Advance reviews of the new Ghostbusters movie have, let us say, not been kind.
And, before this gets anyone’s hackles up, reviews claim it has nothing to do with the all female main cast. It has to do with the movie not knowing what it wanted to be, whether a reboot, sequel or homage as it calls back to the original without capturing the magic of the first. I myself will still see it and judge it (attempt to anyway) for what it and try not to compare it to the original.
Likewise, Kevin Hart, while cranking out many stand-up specials on Netflix, is saturating the theaters with the same “panicking, hyper, tiny-man” routine. Take his latest film, Central Intelligence, with an IGN score of 4.5 out of 10 and losing money at the box office. Not even Dwayne “The Rock” Johnson could save it. And his movie Get Hard with Will Ferrell was pretty much a rip off of Rob Schneider’s box office bomb, Big Stan (go ahead, look it it up, I’ll wait).
All this brings a point to mind about the shelf life of the active comedian. And how, if overdone, causes that star to crash and burn. When they, the comedian, or Hollywood, just milk that cow until it falls over dead.
Remember when Jim Carrey was funny? Or, Adam Sandler? The first couple of movies came out and we all had a good laugh and quoted them over and over. Then came the next batch of flicks and we got a chuckle, with a waning smile. Then the next batch...and no one was laughing.
Could you sit through another Austin Power’s movie, with people saying “Oh behave” and “shag” constantly?
Like Mike Meyes, Will Ferrel, Anna Farris, Eddie Murphy, Seth Rogen, Jonah Hill, Amy Pohler, Tina Fey and several others to name a few have seemingly reached their comedy shelf life. And, it is about to happen again to Kevin Hart and Melissa McCarthy.
Poor Melissa. While funny, no doubt, some claim losing the weight lost her the Mike & Molly gig. And people, it seems, want a plus-sized comedian doing physical comedy. They want the Belushi, the Farley, the Candy. Well, maybe those are all bad examples on account of being dead. But the point it, when Jonah Hill lost the pounds, he also stopped working. So, Rebel Wilson, you’re on notice.
So, with the Ghostbusters coming out, and the love/hate it will receive depending on what side of the fence you are on the remake, she too may be looking for work. So, I propose this: With how Hollywood loves to remake movies that no one wanted or asked for, let’s do one no would expect:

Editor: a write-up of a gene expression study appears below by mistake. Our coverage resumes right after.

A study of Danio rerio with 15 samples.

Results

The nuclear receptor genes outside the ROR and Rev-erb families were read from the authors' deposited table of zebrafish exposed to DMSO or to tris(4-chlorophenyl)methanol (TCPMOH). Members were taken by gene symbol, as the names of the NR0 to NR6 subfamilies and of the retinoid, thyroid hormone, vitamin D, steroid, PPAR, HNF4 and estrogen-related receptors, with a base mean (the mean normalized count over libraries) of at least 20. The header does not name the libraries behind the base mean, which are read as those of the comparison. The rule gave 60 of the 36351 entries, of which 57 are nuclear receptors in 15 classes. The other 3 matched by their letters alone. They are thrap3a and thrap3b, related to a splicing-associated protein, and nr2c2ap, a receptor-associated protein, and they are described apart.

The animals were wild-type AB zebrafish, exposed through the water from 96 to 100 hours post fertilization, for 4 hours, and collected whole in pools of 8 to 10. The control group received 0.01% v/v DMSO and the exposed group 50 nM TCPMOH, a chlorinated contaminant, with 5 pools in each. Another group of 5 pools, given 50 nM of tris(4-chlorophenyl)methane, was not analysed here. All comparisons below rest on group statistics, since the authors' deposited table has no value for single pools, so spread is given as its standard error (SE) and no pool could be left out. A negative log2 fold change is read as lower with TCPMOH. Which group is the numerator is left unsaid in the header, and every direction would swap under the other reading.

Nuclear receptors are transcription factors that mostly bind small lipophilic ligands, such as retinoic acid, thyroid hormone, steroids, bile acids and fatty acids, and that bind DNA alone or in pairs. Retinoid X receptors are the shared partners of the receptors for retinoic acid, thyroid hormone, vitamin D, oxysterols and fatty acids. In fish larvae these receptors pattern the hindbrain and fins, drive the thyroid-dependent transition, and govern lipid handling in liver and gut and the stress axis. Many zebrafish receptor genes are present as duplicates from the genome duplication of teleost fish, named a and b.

Yea, I said it. Innerspace!
This 1987 comedy sci-fi darling gem starring Dennis Quaid, Meg Ryan and Martin Short, was an incredible tale of comedy science where the hero, who was miniaturized in his submersible ship, was accidentally injected inside a go-nowhere loser. Communicating from within, the nerd becomes the unwilling hero and an epic tale of comedy spy/action followed.
And it is just bloody ripe for a modern remake!
Imagine it: In this possible modern version, Melisa McCarthy can be the brilliant scientist who leads the miniaturization project, who is then accidentally injected inside Kevin Hart. Together they have to bring down an international terrorist...thing, who are trying to steal the miniaturization technology for...reasons?
...Look, does it even matter? The material writes itself. Kevin get’s to do his “panicking tiny man” thing while finding inner strength and courage while Melisa get’s to curse at him in interesting ways. Paul Fieg (no doubt directing) get’s to chalk up another notch on his belt. Hell, this is even a way to slip a “Bet this is the first time a white woman’s been inside a black man” joke.
So come on Hollywood, make this masterpiece happen before both stars implode and try to do “meaningful” thought piece movies which leave people claiming they liked them...but deep down know they are garbage.